Unprecedented Trump victory leads to mixed emotions: Republican party gains majority in House, Senate


Sarah Bedford, Editor-in-Chief

In the early morning hours of Nov. 9, Republican nominee Donald J. Trump was named the 45th President of the United States of America.

According to unofficial results from the Luzerne County Bureau of Elections 38.55 percent of voters selected Democratic nominee Hillary Clinton and Tim Kaine while 57.95 percent of the vote went to Trump and Mike Pence. According to CNN, Trump received 290 electoral votes with Clinton receiving 232.

With the nation in shock over the Republican nominees victory, uncharted by the media as most polls had Clinton ahead, the Trump win has left some in despair while others are optimistic for the future.

“I saw my country die. I watched as we gave into the hate and division,” said Wilkes sophomore secondary education and history major and Clinton campaign volunteer Ian Valles. “I am thoroughly disgusted with America. We have elected a demagogue, who treats women, racial and ethnic minorities, Muslims, Jews, the LGBTQ Community, with sheer disdain and ambivalence.

“The United States of America that promised equal rights and protections is gone, and I no longer consider myself to be a willing American citizen. I am merely a human being, trapped in the United States.”

During her concession speech on Wednesday, Clinton called for her supporters to give the president-elect a chance and to continue to support American democracy.

“Donald Trump is going to be our president. We owe him an open mind and the chance to lead. Our constitutional democracy enshrines the peaceful transfer of power,” Clinton said. “We don’t just respect that. We cherish it.”

Emma Leach, a senior political science major who is currently an intern in Washington, D.C. at the Republican Attorneys General Association explained that as a female conservative, she was not expecting the Trump win but is hopeful for the future.

“I was sitting in a republican war room, less than five minutes from the White House, I saw the crowds of people,” Leach said. “I was surrounded by people who have dedicated their entire careers to GOP campaigns and they too were in disbelief. My office planned for a Hillary victory. I planned for a Hillary victory. I didn’t think I would see a red electoral college for a long time. (The) experience last night was a privilege, seeing the fear, shock and to some pure joy is a memory I will never forget.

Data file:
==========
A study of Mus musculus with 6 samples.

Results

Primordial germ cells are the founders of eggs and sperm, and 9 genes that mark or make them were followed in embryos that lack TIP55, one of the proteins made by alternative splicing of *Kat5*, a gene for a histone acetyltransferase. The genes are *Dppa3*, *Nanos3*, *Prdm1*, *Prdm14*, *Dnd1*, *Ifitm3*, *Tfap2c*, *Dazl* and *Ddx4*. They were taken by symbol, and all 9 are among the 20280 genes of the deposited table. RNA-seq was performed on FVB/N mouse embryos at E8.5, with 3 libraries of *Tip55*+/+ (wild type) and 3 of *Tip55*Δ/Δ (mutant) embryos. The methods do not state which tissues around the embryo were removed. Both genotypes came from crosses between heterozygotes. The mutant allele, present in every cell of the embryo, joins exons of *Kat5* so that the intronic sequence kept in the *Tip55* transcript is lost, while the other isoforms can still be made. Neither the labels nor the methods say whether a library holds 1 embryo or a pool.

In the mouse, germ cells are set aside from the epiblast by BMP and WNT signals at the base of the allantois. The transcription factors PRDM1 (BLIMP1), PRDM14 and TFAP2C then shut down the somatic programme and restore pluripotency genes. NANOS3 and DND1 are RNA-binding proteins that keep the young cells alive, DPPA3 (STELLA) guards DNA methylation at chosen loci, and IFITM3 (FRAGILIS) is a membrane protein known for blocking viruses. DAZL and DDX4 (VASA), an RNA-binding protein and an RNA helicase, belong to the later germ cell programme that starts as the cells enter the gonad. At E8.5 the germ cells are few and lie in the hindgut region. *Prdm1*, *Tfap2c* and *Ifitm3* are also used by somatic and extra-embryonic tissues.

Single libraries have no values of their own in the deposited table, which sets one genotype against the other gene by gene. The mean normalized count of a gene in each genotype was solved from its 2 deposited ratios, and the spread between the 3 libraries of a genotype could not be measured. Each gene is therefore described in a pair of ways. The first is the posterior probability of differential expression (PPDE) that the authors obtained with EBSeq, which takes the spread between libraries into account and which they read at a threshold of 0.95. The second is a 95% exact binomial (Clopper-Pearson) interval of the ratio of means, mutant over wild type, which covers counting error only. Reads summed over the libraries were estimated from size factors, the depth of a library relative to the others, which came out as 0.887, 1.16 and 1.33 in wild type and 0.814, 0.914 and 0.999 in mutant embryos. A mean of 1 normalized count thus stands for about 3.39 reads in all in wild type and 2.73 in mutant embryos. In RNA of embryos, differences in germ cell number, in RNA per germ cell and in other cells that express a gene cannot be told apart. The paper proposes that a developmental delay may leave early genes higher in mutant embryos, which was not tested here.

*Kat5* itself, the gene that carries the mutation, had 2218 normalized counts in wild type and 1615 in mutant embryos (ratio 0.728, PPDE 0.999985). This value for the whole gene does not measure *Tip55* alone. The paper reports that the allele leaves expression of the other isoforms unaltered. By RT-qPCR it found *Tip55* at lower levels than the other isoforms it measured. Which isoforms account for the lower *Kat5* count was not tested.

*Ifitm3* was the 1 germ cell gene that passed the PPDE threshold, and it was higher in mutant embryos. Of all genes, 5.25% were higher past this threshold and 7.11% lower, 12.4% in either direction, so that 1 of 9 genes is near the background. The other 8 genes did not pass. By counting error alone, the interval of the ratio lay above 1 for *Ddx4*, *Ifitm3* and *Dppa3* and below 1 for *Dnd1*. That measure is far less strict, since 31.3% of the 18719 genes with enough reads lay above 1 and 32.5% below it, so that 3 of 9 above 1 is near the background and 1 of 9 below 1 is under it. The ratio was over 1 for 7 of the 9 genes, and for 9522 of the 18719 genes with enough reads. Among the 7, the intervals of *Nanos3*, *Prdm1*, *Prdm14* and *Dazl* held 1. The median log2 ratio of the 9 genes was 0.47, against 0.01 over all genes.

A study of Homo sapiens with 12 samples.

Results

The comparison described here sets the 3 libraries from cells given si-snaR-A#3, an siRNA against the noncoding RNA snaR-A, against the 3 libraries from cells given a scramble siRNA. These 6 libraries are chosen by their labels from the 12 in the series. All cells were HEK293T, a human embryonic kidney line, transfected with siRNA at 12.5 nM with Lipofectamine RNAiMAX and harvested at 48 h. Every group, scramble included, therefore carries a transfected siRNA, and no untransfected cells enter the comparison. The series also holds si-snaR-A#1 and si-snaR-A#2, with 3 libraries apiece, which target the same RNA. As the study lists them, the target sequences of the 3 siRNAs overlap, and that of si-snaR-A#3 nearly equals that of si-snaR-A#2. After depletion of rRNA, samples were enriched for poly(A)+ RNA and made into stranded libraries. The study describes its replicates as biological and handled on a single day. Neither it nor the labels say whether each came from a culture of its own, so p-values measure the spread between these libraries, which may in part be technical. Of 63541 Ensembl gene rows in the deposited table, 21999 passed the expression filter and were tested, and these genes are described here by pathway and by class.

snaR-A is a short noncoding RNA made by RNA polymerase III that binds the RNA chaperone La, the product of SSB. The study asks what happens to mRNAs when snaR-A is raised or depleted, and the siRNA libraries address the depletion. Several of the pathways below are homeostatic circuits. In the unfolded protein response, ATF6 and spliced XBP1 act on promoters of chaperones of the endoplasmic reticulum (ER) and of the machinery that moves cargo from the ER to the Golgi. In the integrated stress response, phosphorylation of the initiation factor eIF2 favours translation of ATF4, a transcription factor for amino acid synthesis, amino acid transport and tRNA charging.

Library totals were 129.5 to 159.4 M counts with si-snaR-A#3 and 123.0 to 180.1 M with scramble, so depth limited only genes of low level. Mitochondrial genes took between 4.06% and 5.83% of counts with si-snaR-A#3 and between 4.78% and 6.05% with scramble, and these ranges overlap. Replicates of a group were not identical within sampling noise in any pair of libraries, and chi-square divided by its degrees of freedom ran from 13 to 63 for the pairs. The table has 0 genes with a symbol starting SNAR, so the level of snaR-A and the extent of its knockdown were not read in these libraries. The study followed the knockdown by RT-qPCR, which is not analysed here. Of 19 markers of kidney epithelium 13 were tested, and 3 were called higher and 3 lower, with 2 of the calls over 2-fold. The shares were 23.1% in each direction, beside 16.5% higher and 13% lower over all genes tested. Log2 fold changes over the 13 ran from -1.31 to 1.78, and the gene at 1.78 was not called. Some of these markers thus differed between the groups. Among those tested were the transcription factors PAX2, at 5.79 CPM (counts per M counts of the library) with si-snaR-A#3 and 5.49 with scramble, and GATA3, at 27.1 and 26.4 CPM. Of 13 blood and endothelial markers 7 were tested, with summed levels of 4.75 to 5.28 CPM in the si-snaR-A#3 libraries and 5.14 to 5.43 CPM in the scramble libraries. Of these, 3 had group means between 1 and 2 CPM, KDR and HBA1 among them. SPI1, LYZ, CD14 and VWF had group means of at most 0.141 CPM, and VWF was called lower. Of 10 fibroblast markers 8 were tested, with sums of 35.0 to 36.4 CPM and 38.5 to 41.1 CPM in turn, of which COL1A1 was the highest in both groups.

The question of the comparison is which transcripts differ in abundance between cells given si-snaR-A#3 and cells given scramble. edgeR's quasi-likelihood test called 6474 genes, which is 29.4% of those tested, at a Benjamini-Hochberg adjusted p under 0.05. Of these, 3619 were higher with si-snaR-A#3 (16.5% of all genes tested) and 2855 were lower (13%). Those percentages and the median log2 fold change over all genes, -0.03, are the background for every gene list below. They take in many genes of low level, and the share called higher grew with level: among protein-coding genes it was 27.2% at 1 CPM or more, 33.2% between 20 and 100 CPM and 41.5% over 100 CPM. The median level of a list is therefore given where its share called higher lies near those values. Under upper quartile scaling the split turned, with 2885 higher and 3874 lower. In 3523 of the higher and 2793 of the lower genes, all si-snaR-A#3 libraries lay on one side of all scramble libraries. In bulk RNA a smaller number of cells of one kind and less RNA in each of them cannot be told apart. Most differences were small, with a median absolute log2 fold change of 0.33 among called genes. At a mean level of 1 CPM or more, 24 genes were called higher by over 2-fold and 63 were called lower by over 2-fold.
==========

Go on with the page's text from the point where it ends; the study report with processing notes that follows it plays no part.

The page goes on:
“Thursday I get on a plane to Texas to attend a meeting with the Republican Attorneys General whose careers will also change. As a female conservative my life will change from here on out. What happens to my carer is in the hands of President Trump.”

With thousands across the United States protesting the Republican win carrying signs with slogans of “Not My President”, “Nasty Women Fight Back”and yelling chants of “Impeach Donald Trump” at the entrance of the  Trump International Hotel according to USA Today, the future of Trump’s presidency remains unclear to some.

Wilkes University professor of political science Thomas Baldino explained that the future of the Republican presidency will rest in his style of governance.

“The next four years will be challenging for President-elect Trump depending upon how he decides to govern,” Baldino said. “If he decides to defer to the Republican congressional leadership (Ryan and McConnell), then the laws passed by Congress and signed by Trump will not appeal to Trump’s voters. Things like new trade agreements, privatizing social security, means-testing Medicare, and immigration reform that doesn’t keep out all immigrants will hurt working class voters. If Trump decides to push his populist agenda in Congress, the Republican leadership will block it.”

“Four more years of gridlock are a distinct possibility and four years of gridlock will not please Trump’s voters,” adding, “Of course, many other voters will also be unhappy with four more years of gridlock.”

Trump will be inaugurated on Jan. 20, 2017.